In Brief

The government of Bangladesh has launched a crackdown on the Islamist advocacy group Hefazat-e-Islam. It follows violent protests against the visit of Indian Prime Minister Narendra Modi for the 50th anniversary of Bangladesh’s independence from Pakistan.



The protests were led by Hefazat-e-Islam but saw participation by students in Dhaka. Government offices and private property were burned down in Chittagong and Brahmanbaria in Eastern Bangladesh from 25–27 March 2021. Seventeen protestors died in clashes with law enforcement agencies. Hundreds of activists and top leaders of Hefazat-e-Islam have been detained.

Hefazat-e-Islam is an Islamist movement based in Qawmi Madrasas. Bangladesh has two distinct madrasa education systems, Qawmi Madrasas, which are not regulated by the government, and Alia Madrasas, where the curriculum is provided by the government along with funding.

Hefazat-e-Islam formed in January 2010 to protest the Women Development Policy draft and other policies they perceived as anti-Islamic. The group came to prominence in 2013 when it staged violent protests in Dhaka demanding that the government enact a blasphemy law that would sentence critics of Islam and the Prophet Muhammad to death.

Since 2013, Hefazat-e-Islam has established a more productive relationship with the government. Frequently, the government of Bangladesh has pandered to Hefazat-e-Islam. It removed a Lady Justice statue from the Supreme Court following Hefazat demands. The government has recognised degrees from Qawmi Madrasas as equivalent to Master’s degrees. The government also removed works by secular and minority authors from national curriculum textbooks at the insistence of Hefazat-e-Islam.

In return, Prime Minister Sheikh Hasina received a grand reception in Dhaka and the honorary title ‘Mother of the Qawmi’. This was an important endorsement before the 2018 parliamentary elections in Bangladesh. Shah Ahmad Shafi, the then chief of Hefazat-e-Islam, had a good working relationship with the government. In return for concessions, Hefazat did not publicly oppose the Awami League government.

The relationship with the government changed drastically after Shah Ahmad Shafi died on 18 September 2020. Before his death, Shafi had been forced to resign from his post as director general of Hathazari Madrasa in Chittagong, the base of Hefazat-e-Islam.

Following Shafi’s death, more hard-line leaders — who were against the government — were given leadership roles. Leaders who had a good working relationship with the government were excluded from the new management committee. The group also severed all unofficial communication channels with the government. The first public evidence of a change in policy was the group taking a public stand against building statues of former president Sheikh Mujibur Rahman, an emotive issue for Prime Minister Sheikh Hasina.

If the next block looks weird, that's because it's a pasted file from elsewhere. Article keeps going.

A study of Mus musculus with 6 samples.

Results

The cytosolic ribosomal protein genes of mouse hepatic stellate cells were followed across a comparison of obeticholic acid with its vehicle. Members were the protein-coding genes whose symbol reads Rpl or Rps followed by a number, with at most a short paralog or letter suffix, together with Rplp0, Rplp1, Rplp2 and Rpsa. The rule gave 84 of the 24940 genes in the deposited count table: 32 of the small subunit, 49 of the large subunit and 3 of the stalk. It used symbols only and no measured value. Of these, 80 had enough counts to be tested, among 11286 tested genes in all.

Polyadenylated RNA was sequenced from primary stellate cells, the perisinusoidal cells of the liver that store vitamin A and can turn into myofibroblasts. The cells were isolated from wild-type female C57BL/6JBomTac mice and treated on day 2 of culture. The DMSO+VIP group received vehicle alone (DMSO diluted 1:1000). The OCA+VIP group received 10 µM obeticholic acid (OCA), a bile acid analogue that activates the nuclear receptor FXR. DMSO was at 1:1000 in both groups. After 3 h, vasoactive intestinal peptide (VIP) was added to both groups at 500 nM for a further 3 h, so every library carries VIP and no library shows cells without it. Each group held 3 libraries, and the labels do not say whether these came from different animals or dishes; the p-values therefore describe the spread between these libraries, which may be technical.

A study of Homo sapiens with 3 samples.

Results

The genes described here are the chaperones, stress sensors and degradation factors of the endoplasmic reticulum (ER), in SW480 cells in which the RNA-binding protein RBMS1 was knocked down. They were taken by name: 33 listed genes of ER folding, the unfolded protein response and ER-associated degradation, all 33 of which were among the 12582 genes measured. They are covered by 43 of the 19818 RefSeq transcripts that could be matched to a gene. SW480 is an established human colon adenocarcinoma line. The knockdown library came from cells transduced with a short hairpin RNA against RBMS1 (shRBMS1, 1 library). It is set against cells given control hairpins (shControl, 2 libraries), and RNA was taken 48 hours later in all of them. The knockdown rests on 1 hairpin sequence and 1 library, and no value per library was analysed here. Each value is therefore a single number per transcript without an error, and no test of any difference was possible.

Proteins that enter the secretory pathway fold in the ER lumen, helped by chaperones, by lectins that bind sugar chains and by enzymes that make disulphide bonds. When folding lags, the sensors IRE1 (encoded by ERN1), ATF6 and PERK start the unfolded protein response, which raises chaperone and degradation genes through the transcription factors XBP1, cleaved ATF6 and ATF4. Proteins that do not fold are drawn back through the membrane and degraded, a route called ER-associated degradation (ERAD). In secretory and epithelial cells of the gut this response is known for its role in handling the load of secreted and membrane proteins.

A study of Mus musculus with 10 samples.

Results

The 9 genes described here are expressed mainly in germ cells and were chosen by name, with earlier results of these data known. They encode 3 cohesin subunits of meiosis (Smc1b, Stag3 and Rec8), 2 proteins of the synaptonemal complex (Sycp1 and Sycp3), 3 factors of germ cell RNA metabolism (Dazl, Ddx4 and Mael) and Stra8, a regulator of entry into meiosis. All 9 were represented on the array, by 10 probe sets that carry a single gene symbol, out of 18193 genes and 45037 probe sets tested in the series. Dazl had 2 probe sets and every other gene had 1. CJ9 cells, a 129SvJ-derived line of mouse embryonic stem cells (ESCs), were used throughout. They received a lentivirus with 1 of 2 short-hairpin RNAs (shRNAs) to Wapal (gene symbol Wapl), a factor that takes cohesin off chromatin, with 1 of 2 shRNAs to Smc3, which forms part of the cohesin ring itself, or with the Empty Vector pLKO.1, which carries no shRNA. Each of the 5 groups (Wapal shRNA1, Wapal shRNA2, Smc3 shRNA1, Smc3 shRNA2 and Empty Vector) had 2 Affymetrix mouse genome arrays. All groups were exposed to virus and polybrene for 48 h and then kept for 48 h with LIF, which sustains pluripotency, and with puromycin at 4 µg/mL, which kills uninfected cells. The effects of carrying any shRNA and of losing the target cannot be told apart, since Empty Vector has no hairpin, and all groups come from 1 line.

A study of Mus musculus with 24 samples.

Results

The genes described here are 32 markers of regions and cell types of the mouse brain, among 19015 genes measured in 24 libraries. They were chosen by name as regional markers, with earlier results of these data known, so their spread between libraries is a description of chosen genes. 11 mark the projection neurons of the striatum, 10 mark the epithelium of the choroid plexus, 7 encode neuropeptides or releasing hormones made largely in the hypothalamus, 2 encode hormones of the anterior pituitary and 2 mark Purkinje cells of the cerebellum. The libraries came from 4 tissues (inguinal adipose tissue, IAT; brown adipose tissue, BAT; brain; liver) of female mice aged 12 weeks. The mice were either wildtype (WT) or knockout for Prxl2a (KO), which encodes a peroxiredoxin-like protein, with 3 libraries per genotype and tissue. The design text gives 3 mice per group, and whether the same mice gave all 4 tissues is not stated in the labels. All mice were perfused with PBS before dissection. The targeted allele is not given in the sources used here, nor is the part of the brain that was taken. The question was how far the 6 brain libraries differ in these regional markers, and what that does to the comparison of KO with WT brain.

After that, the government still attempted to negotiate with the group rather than use force. The government moved for punitive action after the violent protests in March. Since then, the government has arrested 434 people and filed 56 cases over the ‘Brahmanbaria mayhem’ alone.

Hefazat-e-Islam leaders speak in sermons against the government and Bangladesh’s secular judicial system. They call for a revolution and for the establishment of an Islamic state under Sharia law in Bangladesh. Joint Secretary General of Hefazat-e-Islam Mamunul Haque is one of the most notorious preachers of the organisation. He is known for his fiery sermons that he spreads online through Facebook and YouTube. He has a verified Facebook page with 1.2 million followers. Videos of his sermons generate millions of views.

The government has become increasingly authoritarian and intolerant of criticism. Recent actions by Hefazat-e-Islam might be seen as a challenge to its leadership. The protests were a challenge to one of the core principles of the government, close friendship with India. This challenge would be seen as completely unacceptable to the government.

While the Awami League allowed Hefazat-e-Islam to become a powerful force by seeking an opportunistic partnership to secure support among religious voters, the government has reversed course and is cracking down. Yet it has not yet withdrawn any of the concessions it gave the organisation. It would be difficult for the government to completely rid itself of a relationship with Hefazat-e-Islam or support for Islamism. The religious right is a force to be reckoned with and the Awami League is not in a position to dismiss its views completely. In this scenario, a religious right that works with the Awami League and not against it seems like the government’s ideal solution. The government might go for a carrot and stick approach, the carrot being policy concessions and the stick being detention.

In reaction to the crackdown, Hefazat-e-Islam recently dissolved its central committee and removed leaders with political connections. Leaders met with Home Minister Asaduzzaman Khan to negotiate an end to the crackdown. Yet the government remained silent about the subject of the meeting and has not released Hefazat-e-Islam activists. The authoritarian predisposition of the Awami League government demands a Hefazat-e-Islam that doesn’t challenge its rule or embarrass it in front of important foreign allies.

Mahir Abrar is a lecturer at the American International University-Bangladesh and an independent consultant on international relations, trade and security.